Picking a pontiff - what should we pray?


It's unlikely perhaps that many of you reading this article right now are Roman Catholic Cardinals involved in the election of the next Pope. (Although if you are, welcome – it's great to have you with us!).

But whoever we are, if we are Christians, then we can – albeit in an indirect way – have a role in the selection of the next Pontiff through our prayers. God invites us to pray about everything, and there is nothing to indicate in the Bible that somehow the power of prayer stops at the gates of the Vatican.

So, what should we pray? Well, apart from anything else, we will want to be praying that the next Pope is someone who seeks to communicate Jesus clearly. Whatever their faults, it seems to me that both Benedict and his predecessor, John Paul II, have been good at keeping Jesus at the centre in their public proclamations. Indeed, Pope Benedict's final message on Twitter was: "May you always experience the joy that comes from putting Christ at the centre of your lives." As an Anglican, I would wish that our recently-retired Archbishop of Canterbury had been as good at this as they have been (having searched some of his articles and talks at various points, sometimes without success, for any mention of Jesus).

More generally, the New Testament gives us some important guidelines for picking church leaders. The Apostle Paul tells his colleague Timothy that an overseer should be "above reproach... temperate, self-controlled, respectable, hospitable, able to teach, not given to drunkenness, not violent but gentle, not quarrelsome, and not a lover of money," (1 Timothy 3v2-3). They must also "not be a recent convert, or they may become conceited and fall under the same judgment as the devil", and "have a good reputation with outsiders, so that they will not fall into disgrace and into the devil's trap," (v6-7). Plenty of food for thought there for the Cardinals, I would have thought – and for us in our prayers.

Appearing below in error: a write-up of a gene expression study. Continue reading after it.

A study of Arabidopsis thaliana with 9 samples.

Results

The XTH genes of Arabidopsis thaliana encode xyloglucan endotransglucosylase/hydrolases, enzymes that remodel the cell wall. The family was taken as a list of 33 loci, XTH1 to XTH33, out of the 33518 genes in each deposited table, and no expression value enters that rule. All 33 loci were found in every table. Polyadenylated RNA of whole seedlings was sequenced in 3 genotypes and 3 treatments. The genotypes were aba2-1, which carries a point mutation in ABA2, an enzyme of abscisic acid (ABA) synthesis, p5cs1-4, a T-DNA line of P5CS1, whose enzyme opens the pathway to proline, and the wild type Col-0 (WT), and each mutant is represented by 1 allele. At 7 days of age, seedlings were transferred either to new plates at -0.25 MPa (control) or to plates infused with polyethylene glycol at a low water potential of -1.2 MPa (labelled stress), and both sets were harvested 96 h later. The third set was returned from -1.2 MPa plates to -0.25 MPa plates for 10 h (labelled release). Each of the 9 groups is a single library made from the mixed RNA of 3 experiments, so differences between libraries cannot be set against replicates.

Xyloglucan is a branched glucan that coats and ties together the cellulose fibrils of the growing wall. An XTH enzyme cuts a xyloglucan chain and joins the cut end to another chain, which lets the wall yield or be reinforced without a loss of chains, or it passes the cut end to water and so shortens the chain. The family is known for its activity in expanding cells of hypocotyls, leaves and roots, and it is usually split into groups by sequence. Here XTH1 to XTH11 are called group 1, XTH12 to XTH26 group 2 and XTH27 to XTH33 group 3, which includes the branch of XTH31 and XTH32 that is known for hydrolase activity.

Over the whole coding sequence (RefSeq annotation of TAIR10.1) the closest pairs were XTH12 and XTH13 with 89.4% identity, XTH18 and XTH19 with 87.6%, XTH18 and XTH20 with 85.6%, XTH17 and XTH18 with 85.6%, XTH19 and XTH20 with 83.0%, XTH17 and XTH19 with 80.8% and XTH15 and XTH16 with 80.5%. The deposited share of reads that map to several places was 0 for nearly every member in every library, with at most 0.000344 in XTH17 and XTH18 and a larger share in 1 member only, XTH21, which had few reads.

But if you know your Bibles, you will notice that I missed out a couple of sections in that quotation. That's right – Paul tells Timothy that a church overseer should be "the husband of one wife" and "must manage his own family well and see that his children obey him, and he must do so in a manner worthy of full respect." Paul adds: "If anyone does not know how to manage his own family, how can he take care of God's church?" There are various ways of translating the first phrase there, but whatever the precise nuance, the clear implication is that in New Testament times it was quite normal for a church leader to be married, and that there was no intrinsic problem in being so.

And this brings us naturally, then, to the need for a Pope who – by the grace of God – is also a reformer. The cult of priestly celibacy has wrought terrible havoc in the lives of many Roman Catholic clergy, not to mention serious hurt to those caught up in the resulting fall-out – be they secret lovers, secret children, or, horrifically, child victims of abuse. Not only does the Apostle Paul think it quite natural for Christian leaders to be married, he also denounces those who "forbid people to marry" (1 Timothy 4).

Paul continues: "If you point these things out to the believers, you will be a good minister of Christ Jesus, nourished on the truths of the faith and of the good teaching that you have followed." Is it too much to pray that the next Pope might do just that?